A public interest litigation (PIL) has been filed in the Supreme Court seeking a probe by the Central Bureau of Investigation into alleged illegal mining in Odisha, as well as a ban on all mining activities in the state.
The petition, filed by activist group Common Cause on Monday, seeks the apex court's immediate intervention in the matter, saying that the Justice Shah Commission has pointed out large-scale illegal mining in the state. The court will take up the plea on 3 March.
The PIL comes even as the union government seems to be stonewalling on a CBI probe into the issue, as recommended by the commission, which indicated that the scam could have cost the exchequer Rs60,000 crore, while the state government says there is no need for a CBI probe as state police are already investigating the matter.
The Centre's stand came out in its action taken report (ATR) on the report of the commission headed by retired Justice M B Shah, which was tabled in the Parliament on Monday.
The report also listed all that the state government was doing to crack down on illegal mining and recover over Rs 59,200 crore from the mining companies as suggested by the commission.
Now, the matter is up to the Supreme Court. Citing the Shah Commission report, the PIL seeks the court's directions to "stop forthwith" all illegal mining in Odisha and to terminate all leases where the lessees were found to be involved in illegal mining. It further seeks a court-monitored probe by a special investigation team or the CBI into illegal mining in the state.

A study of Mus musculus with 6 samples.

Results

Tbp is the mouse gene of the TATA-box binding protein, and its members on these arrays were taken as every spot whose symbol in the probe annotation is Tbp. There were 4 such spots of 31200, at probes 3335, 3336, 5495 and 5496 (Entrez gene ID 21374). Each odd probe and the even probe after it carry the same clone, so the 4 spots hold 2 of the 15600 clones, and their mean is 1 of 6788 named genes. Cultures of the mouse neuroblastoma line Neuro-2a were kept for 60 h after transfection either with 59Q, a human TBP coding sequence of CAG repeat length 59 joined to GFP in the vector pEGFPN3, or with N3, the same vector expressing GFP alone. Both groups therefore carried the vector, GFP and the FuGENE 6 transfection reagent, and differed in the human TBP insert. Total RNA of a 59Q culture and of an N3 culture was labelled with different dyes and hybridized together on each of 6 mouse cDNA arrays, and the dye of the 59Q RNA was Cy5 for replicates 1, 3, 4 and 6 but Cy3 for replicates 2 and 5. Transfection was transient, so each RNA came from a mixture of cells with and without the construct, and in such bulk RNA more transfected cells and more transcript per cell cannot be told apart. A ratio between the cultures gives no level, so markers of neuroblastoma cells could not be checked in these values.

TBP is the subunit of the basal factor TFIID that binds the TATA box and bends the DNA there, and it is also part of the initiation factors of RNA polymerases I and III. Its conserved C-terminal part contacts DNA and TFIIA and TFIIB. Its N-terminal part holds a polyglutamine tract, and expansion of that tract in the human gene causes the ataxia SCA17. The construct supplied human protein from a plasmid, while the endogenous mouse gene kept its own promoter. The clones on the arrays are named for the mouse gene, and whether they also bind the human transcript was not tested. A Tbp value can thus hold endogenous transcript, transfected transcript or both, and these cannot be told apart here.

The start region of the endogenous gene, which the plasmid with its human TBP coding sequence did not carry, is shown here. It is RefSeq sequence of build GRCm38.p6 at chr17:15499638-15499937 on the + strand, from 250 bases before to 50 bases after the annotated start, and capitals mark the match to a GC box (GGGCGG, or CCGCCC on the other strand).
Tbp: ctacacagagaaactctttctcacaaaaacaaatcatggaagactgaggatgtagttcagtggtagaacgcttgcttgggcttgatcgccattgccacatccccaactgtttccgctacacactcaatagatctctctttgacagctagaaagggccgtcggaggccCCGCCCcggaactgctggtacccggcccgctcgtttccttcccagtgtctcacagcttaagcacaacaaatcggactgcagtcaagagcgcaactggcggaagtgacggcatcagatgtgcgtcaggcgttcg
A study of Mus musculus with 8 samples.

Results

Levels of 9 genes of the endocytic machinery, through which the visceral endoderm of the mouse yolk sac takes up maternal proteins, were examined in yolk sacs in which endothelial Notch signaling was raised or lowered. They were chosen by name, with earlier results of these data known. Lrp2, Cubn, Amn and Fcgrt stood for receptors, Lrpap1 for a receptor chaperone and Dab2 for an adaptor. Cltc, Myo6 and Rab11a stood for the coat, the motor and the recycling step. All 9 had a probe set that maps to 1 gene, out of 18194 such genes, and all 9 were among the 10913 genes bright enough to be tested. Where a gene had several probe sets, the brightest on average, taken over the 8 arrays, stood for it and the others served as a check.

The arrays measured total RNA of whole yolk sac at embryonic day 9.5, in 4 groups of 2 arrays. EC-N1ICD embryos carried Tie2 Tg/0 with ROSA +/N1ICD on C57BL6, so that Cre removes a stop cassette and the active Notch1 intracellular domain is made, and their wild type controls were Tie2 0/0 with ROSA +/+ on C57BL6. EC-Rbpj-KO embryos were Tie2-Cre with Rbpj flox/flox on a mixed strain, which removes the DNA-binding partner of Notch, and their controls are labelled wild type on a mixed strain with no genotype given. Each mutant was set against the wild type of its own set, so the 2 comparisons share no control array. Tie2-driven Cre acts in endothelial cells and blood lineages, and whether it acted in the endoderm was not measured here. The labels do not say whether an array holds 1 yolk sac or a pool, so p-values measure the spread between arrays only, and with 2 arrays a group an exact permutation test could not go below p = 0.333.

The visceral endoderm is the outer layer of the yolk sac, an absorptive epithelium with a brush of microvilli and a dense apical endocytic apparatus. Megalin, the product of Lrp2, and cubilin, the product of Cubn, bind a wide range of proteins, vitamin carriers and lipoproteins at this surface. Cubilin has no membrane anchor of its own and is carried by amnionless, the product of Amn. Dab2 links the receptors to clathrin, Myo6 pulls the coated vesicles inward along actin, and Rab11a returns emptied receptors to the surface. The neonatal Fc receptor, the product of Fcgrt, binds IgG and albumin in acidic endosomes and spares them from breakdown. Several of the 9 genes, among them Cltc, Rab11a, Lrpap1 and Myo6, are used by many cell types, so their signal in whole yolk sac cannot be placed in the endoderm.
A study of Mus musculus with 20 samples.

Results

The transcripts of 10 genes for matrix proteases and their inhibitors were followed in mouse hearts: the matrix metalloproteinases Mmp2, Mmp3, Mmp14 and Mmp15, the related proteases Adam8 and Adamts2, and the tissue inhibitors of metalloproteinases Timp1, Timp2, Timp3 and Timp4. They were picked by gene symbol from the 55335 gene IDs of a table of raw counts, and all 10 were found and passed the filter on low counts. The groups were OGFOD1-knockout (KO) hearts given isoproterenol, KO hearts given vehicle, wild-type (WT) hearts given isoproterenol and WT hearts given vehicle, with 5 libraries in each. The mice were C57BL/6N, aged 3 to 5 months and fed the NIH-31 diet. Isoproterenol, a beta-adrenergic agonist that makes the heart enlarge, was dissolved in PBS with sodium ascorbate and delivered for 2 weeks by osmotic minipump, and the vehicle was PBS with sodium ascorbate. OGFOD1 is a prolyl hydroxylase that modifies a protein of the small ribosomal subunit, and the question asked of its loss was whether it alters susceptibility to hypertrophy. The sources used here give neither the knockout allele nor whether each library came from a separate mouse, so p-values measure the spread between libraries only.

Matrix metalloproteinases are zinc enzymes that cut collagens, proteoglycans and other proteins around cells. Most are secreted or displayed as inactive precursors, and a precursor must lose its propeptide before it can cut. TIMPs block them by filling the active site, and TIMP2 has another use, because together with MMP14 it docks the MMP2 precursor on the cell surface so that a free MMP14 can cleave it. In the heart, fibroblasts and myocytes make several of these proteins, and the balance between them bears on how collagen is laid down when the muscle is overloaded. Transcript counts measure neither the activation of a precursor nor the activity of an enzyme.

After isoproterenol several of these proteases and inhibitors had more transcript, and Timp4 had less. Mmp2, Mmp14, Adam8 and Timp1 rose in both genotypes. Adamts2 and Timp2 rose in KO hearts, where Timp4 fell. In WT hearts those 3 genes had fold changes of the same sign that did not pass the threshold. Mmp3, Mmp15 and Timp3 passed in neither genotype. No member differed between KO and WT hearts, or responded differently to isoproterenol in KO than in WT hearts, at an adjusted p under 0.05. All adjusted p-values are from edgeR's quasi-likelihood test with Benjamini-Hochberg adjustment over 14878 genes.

"Issue a writ directing the Union of India and Government of Odisha to immediately stop forthwith all illegal mining in the State of Odisha and to terminate all leases that are found to be involved in illegal mining and mining in violation of the provisions of the Forest Conservation Act 1980, the environment laws and other laws," the petition said.
Recommending CBI probe, the Shah Commission said since powerful lessees, big traders from Odisha and from outside state, politicians entities and administrative officers of high rank were involved, it would not be possible by state police to find the facts and realities and there would be no justice done for quantum of illegalities took place.
But in the normal course of things, the centre cannot unilaterally order a CBI probe without the state's concurrence; hence it has preferred to gloss over the issue.
According to the Shah Commission, most of the mining in the mineral-rich state is being carried out in disregard to rules, regulations and environmental norms. "The value of the unlawful extraction of iron and manganese ore comes to Rs 59,200 crore ... let the state government recover the said amount by finalising the proceedings on the basis of the notices as early as possible," its first report says.
Disagreeing with Commission's observation that there was a collapse of the state machinery during 2008-11, the Odisha government said, "The investigations are more or less complete ... charge-sheets will be filed within the next month. Some accused are absconding ... [but] there appears to be no need to hand over the investigation of these cases to any other agency."